Annie's Crocheted Wrap (Daniel Mears / The Detroit News)
I knew somewhere, somehow there had to be a quality yarn that offers tons of yardage at an affordable price. I found it recently after I’d given up my on-again, off-again search. It’s Rick Rack by Interlacements Yarns, a hand-dyed, 100 percent rayon boucle in sock weight that comes in hanks of approximately 1,200 yards for less than $40!
“The Rick Rack is one of our top sellers,” says Tracey Schuh, who bought the Wisconsin-based yarn company about three years ago, around the same time she started dyeing and selling the already spun rayon.
Although it has a nubby texture, it has the softness of silk with just the right amount of sheen, and it’s available in semi-solids, solids and variegated shades of either rich jewel tones or soft pastels. I purchased a solid in lime green and a semi-solid in violet.
Schuh, a spinner, weaver and knitter who dabbles in “a very tiny bit of crocheting,” says she’s able to achieve the “bright, vibrant colors” by using what’s called “theatrical dyes.”
While most yarns work well knitted or crocheted, I think there’s something about Interlacements’ Rick Rack that screams, “Crocheted stitches bring out the best in me!”
Because of the yardage, I figured one hank was enough to crochet either a vest or shawl. I chose to make the latter, and it’s patterned after the one I designed and made in my early 20s for my grandmother to wear to church in the springtime. It was my first big project after learning the open shell stitch. Oh, how I wish I’d had this exquisite novelty yarn back then, instead of that scratchy white, worsted weight acrylic, but, I must say, I don’t think my “Granny Annie” could have loved her wrap more!
The Rick Rack, however, gives the shawl a more dressy appeal, and the weight and luxurious drape of the finished piece helps it stay in place when it’s being worn.
You can find Interlacements’ Rick Rack online at interlacementsyarns.com or locally at the Wool & the Floss, 397 Fisher in Grosse Pointe Park. Call (313) 882-9110.
Annie’s Crocheted Wrap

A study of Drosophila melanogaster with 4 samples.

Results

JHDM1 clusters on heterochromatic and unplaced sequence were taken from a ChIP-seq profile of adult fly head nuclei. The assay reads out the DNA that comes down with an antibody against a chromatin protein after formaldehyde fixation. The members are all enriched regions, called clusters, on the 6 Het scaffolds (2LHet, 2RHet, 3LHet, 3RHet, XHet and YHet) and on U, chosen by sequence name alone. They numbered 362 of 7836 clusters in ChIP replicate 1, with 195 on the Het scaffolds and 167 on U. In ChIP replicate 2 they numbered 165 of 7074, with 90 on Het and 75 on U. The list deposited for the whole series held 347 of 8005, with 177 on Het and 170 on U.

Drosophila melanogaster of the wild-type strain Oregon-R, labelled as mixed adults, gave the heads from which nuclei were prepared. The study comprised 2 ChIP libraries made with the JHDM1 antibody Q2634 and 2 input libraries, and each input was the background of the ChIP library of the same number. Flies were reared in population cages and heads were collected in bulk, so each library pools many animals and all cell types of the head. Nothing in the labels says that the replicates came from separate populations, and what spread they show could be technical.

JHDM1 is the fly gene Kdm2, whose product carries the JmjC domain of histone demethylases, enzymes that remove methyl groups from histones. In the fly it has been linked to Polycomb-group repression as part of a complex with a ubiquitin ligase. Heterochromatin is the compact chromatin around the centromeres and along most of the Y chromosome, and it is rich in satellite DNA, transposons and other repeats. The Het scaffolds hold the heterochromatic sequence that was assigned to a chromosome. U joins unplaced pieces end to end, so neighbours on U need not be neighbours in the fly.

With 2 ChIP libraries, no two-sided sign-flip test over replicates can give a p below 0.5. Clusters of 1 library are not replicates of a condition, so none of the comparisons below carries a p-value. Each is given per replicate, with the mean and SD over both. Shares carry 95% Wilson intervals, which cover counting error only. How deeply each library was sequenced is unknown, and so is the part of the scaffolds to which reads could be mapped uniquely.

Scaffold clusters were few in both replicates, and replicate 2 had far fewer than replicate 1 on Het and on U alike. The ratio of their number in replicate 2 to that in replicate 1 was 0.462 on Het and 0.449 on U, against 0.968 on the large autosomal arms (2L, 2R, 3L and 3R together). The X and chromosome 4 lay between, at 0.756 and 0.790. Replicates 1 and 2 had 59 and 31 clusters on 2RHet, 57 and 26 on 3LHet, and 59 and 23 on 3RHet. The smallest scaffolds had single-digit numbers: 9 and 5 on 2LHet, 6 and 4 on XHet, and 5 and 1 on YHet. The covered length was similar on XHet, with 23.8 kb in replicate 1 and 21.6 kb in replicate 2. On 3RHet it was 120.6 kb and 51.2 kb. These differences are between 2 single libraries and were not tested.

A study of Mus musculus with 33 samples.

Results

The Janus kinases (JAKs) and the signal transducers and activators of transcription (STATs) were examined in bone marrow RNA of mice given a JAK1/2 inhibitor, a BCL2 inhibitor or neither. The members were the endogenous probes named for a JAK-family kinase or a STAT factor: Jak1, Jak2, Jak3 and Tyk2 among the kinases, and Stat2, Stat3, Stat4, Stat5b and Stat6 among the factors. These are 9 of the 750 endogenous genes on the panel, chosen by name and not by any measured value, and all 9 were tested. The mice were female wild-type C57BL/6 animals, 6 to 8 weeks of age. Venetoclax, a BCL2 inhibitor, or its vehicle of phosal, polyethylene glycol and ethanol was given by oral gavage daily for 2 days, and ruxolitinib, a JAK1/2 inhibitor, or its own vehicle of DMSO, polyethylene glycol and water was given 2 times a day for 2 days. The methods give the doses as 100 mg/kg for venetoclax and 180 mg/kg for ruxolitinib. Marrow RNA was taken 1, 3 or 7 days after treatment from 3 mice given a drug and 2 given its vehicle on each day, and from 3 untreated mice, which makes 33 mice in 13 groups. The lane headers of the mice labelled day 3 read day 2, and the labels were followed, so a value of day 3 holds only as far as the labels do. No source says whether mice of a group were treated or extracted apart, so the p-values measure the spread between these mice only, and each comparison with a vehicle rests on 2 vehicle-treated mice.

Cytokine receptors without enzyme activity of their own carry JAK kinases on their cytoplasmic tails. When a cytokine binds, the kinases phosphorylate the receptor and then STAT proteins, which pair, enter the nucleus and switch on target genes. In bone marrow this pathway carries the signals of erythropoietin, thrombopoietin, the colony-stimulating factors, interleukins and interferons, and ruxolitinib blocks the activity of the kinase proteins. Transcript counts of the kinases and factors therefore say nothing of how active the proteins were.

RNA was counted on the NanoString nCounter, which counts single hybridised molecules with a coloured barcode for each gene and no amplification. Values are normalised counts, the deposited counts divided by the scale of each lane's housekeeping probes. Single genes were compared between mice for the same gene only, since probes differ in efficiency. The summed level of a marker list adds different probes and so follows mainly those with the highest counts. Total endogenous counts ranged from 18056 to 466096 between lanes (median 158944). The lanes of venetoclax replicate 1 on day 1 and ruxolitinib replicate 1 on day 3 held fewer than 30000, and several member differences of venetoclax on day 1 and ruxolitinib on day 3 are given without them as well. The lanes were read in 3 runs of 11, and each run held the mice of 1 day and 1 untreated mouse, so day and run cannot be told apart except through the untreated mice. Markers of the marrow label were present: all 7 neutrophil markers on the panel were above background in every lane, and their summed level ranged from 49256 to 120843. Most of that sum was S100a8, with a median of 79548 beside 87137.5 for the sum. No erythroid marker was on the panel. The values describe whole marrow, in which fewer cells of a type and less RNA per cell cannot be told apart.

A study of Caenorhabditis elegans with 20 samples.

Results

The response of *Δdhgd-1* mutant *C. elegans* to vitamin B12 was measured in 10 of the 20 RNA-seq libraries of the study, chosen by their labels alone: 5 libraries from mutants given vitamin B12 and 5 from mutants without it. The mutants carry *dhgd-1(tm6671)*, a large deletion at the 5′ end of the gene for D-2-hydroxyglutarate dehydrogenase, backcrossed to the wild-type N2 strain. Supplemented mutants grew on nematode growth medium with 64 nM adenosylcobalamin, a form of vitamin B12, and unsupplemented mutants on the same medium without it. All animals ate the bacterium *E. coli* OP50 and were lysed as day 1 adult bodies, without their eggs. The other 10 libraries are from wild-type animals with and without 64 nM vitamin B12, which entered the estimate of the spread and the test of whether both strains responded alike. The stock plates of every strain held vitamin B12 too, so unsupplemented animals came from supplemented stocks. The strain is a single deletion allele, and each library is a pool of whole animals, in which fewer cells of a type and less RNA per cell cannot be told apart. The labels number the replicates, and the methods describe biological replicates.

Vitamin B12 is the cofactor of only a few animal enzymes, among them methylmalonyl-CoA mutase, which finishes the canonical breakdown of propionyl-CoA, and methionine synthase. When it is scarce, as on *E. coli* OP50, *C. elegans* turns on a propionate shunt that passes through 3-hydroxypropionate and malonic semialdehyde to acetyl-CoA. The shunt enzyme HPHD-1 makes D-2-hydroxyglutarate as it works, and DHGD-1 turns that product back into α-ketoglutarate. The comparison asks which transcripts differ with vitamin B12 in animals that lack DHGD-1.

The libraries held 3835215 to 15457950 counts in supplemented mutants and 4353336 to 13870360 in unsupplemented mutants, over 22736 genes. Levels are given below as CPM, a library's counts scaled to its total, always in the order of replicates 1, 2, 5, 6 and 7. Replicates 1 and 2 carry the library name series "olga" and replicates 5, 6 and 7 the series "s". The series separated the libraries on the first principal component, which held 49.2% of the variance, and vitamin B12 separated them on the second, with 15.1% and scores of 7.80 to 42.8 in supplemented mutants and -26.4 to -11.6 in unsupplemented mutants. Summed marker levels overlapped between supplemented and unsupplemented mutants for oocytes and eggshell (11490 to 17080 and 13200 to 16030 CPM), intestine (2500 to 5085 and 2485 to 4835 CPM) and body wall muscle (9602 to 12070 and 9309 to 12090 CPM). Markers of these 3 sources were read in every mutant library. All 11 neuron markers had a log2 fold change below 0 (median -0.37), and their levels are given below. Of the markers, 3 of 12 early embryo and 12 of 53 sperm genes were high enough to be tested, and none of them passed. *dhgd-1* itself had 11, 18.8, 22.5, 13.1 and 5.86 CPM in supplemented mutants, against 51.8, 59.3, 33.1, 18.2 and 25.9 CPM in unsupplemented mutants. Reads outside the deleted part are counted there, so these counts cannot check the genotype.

Annie's Crocheted Wrap
Estimated time: 12 hours
Tools: Size H crochet hook, scissors
Supplies: One hank of Interlacements’ Rick Rack yarn (1,200 yards)
Abbreviations: ch chain, st(s) stitch(es), dc double crochet, tr treble (triple crochet stitch), cont continue, rep repeat
Finished size: About 17” by 76”
(Note: 3 tr sts should be made at end and beginning of each row of dc shell sts to prevent tension at sides.)
Chain 105 sts (ch row)
First row: Make dc st in every ch row st across, starting with fourth st from end, and making sure not to add or drop sts. (Note: *entire hank is needed for length, so it’s important not to exceed st width.) Turn work.
Second row: ch up 3 sts (count as one tr st**), make two tr sts in next st opening. Count over 6 dc sts in row below and make first dc shell st (3 dc sts, 1 ch st and 3 more dc sts, all in same st opening).
Cont making dc shell sts across, separated by 6 dc sts in row below. End row with 3 tr sts, all in same opening. (There should be 3 tr sts at each end, separated by *13 dc shell sts.) Turn work.
Chain up 3 sts**, and make 2 tr sts in next st opening. Rep dc shell sts across, making each in center ch st of those in row below. End row with 3 tr sts. Turn work.
Cont making rows of dc shell sts until you have 105, or just enough yarn left for steps below. Turn work.
Now, crochet a row of dc sts, to match number at opposite end.
Crochet a scalloped edge. Knot off. Rep scalloped edge on other end.
Detroit News Staff Writer Jocelynn Brown is a longtime Metro Detroit crafter. For more giveaways, visit her blog at detroitnews.com/crafts. You can reach her at (313) 222-2150.